טכניון מכון טכנולוגי לישראל
הטכניון מכון טכנולוגי לישראל - בית הספר ללימודי מוסמכים  
Ph.D Thesis
Ph.D StudentDavidouici Ronit
SubjectThe Event and the Context - a Theoretical Approach to
Person-Environment-Planning
DepartmentDepartment of Architecture and Town Planning
Supervisor Professor Emeritus Arza Churchman


Abstract

The dissertation presents the event and context approach (eventextualism) as a theoretical and methodological approach to research in the fields of person-environment and planning. The Event and the context approach propose a definition that distinguishes between event and context. The event is a series of activities that take place in a defined environment by a group of participants. The event is holistic, and needs to be characterized by spatial, social, economic and other terms. The event is similar to the context in all its characteristics, except for scale: the context is always broader than the event; it includes it. The definition which distinguishes between events and contexts enabled the adoption of the principle of fractals which constitutes the methodological alternative to the division of situations according to fields and separate components. The principle of fractals enables the distinction between contexts, events and sub-events without harming comprehensiveness. The methodological implications were derived and added to the approach a vocabulary of basic terms and a proposed research process.

The empirical research examined the daily events of households within different residential and employment contexts. The daily events included a wide variety of daily activities inside and outside the home. The household constitutes the unit of analysis of the research. The residential contexts in the research were Reut-Maccabim, a small suburban settlement, and Shikun Lamed in Tel-Aviv, an urban neighborhood. The households were divided into two contexts of employment: single wage-earner households and dual wage-earner households. The sample consisted of 45 households where both adults were interviewed. Findings were obtained in terms of patterns of daily events inside and outside the home and in terms of profiles of daily events.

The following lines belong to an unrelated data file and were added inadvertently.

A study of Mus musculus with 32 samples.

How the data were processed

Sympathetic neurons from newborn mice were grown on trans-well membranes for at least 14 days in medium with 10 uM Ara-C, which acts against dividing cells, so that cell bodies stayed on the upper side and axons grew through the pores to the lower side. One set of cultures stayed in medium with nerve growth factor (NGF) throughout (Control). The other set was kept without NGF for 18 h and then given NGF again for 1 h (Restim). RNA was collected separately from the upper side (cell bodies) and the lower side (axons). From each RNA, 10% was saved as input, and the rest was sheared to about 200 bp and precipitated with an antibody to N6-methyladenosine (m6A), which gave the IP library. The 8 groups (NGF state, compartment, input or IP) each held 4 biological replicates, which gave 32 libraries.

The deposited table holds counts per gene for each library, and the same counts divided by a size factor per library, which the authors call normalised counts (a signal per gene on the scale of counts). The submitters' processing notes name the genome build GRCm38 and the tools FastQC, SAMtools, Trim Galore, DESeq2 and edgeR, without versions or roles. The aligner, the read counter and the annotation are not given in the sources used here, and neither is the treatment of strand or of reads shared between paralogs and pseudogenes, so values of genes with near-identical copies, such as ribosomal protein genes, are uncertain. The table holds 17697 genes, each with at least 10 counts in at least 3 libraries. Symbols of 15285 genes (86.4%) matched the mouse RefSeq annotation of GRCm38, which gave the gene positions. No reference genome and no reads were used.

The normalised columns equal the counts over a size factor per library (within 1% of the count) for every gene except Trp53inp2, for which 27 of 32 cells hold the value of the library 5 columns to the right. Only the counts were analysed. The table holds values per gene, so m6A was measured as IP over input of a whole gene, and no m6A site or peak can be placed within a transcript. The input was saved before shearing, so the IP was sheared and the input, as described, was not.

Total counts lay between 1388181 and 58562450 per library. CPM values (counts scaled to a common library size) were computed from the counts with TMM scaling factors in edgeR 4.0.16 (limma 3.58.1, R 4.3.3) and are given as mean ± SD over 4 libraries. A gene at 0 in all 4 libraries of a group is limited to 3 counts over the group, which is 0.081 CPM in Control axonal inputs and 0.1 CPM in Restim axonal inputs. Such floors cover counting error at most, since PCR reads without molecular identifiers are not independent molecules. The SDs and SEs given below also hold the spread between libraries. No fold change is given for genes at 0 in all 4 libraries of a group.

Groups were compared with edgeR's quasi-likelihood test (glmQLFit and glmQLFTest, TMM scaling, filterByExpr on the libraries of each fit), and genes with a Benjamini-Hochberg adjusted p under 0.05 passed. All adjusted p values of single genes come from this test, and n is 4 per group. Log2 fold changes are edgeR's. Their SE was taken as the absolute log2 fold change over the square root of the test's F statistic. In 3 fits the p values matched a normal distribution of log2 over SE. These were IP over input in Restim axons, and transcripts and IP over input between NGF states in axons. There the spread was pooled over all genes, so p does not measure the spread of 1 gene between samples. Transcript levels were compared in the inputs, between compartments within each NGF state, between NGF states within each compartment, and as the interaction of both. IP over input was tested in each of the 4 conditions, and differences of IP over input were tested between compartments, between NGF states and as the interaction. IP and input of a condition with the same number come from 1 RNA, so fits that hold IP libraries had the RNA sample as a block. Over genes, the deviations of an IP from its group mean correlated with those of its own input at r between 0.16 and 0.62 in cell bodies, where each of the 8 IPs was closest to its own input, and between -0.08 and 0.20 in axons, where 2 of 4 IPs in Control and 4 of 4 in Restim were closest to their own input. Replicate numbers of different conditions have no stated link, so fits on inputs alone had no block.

37 out of 43 households were found to be characterized by the profile in which the woman is the leading performer of daily events: she plays the main role in these events and uses a larger settlement scale than her spouse. The most common profile found is characterized by consensus between the spouses, reaches the interurban settlement range, and the couple tends to relate to changes positively. The profiles represented the recurring characteristics, the points of similarity between the daily events beyond the different contexts. In order to complete the findings all the characteristics of the profiles were tested in different contexts, in order to consider the changing emphases from context to context.

The event and the context approach enable the attainment of a new planning model product. Such a planning process leads to planning units which reflect the events, and to multidisciplinary clusters of plans, designed to enable the occurrence of events.

The presentation of the ‘event and context approach’ as a theoretical approach, into which research contents from the person-environment field and other planning contents may be cast, may promote the reciprocity between these two fields. An identical theoretical base, similar methodology, and common basic terms may be used to connect between the fields of planning and of person-environment.